Last month we started telling our students that we would be closing our school at the end of May. We had a few teary eyes and some expressions of shock, and most surprisingly to me, some (non-sarcastic) rounds of applause. Most of this month has felt pretty normal. I also wrote our final newsletter this week, which reminded me a bit more of just how much we’re giving up.
We started our school back in 2005. By “started” I mean we put some signs up, bought furniture, painted the walls, made a new gmail address, and started answering the phone with something other than “moshi moshi”. It takes very little overhead if you’re set on making your own materials (a habit I continued throughout the life of our school) and are satisfied with letting word of mouth build your student base. Somehow we got ourselves to the point where people consider us a school and trust us with their or their kids’ educations. At our highest point I believe we had more than 80 students – very small potatoes for some of the people I’ve met in the JALT School Owners SIG, but big for one full-time teacher.
So we’re giving up that achievement, as well as the obvious income, and finally the routine that’s defined our Tuesdays to Saturdays (and sometimes Mondays) for the past 12 years.
It comes down to taking a long view on our lives, and realizing that if we spend the back half of our 30s in Japan we’ll probably end up spending all our other decades here too.
Back in 2005 we didn’t plan on creating an institution that would last for decades. To be completely honest I think at least half of our motivation was not wanting another boss like our last one. Come to think of it we know at least 3 other people who worked there and went on to start their own schools, so maybe she should get some kind of award from METI for being horrible in a kind of way that motivates entrepreneurism.
From the beginning though this wasn’t a life plan or even a way to quickly put away a nest egg. We never once thought about branching out or even hiring another teacher. In fact we were downright puritanical about the influence of salesmanship on our class planning – and this strain became worse (or better, if you look at it as a school and not a business) after I got my MA. The MA actually may have fatally damaged my ability to see eikaiwa as an educational enterprise; I realized that some practices were so common and so detrimental to language education that they forced a fatal compromise to effective teaching just to stay in business. One-hour-a-week lessons (shorter for kids) are the biggest of these in my opinion.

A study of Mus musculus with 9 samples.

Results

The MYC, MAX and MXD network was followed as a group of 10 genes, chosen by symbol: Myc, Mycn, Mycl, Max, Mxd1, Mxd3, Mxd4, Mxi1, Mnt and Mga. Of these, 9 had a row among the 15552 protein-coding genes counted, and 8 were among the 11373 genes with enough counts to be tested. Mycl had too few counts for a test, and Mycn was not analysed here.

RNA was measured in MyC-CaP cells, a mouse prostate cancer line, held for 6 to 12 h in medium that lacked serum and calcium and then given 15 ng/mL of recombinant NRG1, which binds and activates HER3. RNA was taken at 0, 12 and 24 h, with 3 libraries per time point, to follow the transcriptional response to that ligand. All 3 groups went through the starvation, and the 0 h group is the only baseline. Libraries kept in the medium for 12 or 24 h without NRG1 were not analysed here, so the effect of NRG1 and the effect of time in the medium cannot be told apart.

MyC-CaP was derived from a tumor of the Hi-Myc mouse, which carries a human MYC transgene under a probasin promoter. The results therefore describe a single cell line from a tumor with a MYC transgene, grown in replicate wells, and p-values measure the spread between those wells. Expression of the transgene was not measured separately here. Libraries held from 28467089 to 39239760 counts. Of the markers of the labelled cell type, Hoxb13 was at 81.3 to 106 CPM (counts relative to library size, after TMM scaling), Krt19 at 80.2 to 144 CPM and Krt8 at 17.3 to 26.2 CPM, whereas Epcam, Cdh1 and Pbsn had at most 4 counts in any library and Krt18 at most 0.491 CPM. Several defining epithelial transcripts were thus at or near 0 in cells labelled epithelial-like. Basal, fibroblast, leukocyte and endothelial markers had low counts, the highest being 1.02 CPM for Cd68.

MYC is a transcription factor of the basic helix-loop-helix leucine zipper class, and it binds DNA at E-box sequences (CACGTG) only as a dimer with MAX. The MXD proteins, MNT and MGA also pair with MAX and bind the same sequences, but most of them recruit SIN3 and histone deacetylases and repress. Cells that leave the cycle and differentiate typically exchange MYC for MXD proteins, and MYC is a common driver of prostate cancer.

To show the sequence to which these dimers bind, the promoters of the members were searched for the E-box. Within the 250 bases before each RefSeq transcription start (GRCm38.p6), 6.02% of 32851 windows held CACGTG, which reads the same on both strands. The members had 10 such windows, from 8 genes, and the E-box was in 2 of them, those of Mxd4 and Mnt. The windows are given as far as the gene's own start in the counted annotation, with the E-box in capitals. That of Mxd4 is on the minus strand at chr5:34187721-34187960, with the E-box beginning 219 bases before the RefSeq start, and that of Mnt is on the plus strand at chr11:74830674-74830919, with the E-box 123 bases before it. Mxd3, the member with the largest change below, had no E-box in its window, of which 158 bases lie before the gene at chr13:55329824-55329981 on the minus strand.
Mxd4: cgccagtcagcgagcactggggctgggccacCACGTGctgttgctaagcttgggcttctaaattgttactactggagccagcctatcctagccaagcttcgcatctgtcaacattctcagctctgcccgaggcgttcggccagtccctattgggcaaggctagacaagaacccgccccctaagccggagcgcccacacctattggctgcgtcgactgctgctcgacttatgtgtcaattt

Now that I’m in JALT and in touch with a lot more fellow school owners and I realize most people in my position made a compromise that they could live with a long time ago. I’ve heard people that seem to take a long view of the pedagogical problems of the eikaiwa industry and its customers – that it’s still worthwhile and superior to the alternative of having no language education at all, and especially that smaller, individually-owned schools are superior to national chains despite often similar-looking classes. If I had joined JALT earlier I might be in this camp now. I’ve also heard people seem to have done the internal math necessary to convince themselves that sales and retention are sufficient stand-ins for teaching quality, and are more concerned with branding a product than making it better.
(side note: I prefer teaching quality to lesson quality because giving a feeling of completion and accomplishment after each lesson can be a distraction, and in this industry, can lead one to adopt a deleterious grammar McNugget teaching style)
We could have decided to redouble our efforts, relaunch with new price points (unrevised since 2005, which isn’t a problem in a deflationary economy as much as it is no longer commensurate with our experience and education) and find some way of squaring the circle of selling quality education to people who largely just want either a place to stash their kids until junior high or an enjoyable weeknight distraction, but then we’d be putting a lot more eggs into a basket that was never built for long-term use in the first place.
We have a few students who really get what we were trying to do and are sticking around until the very end, and those are the ones that add really stingingly bitter notes to an already bittersweet life event. Some students will be a very sorely missed part of our weekly routine. The bright side is they’ll have someplace to stay if they ever feel like visiting the US.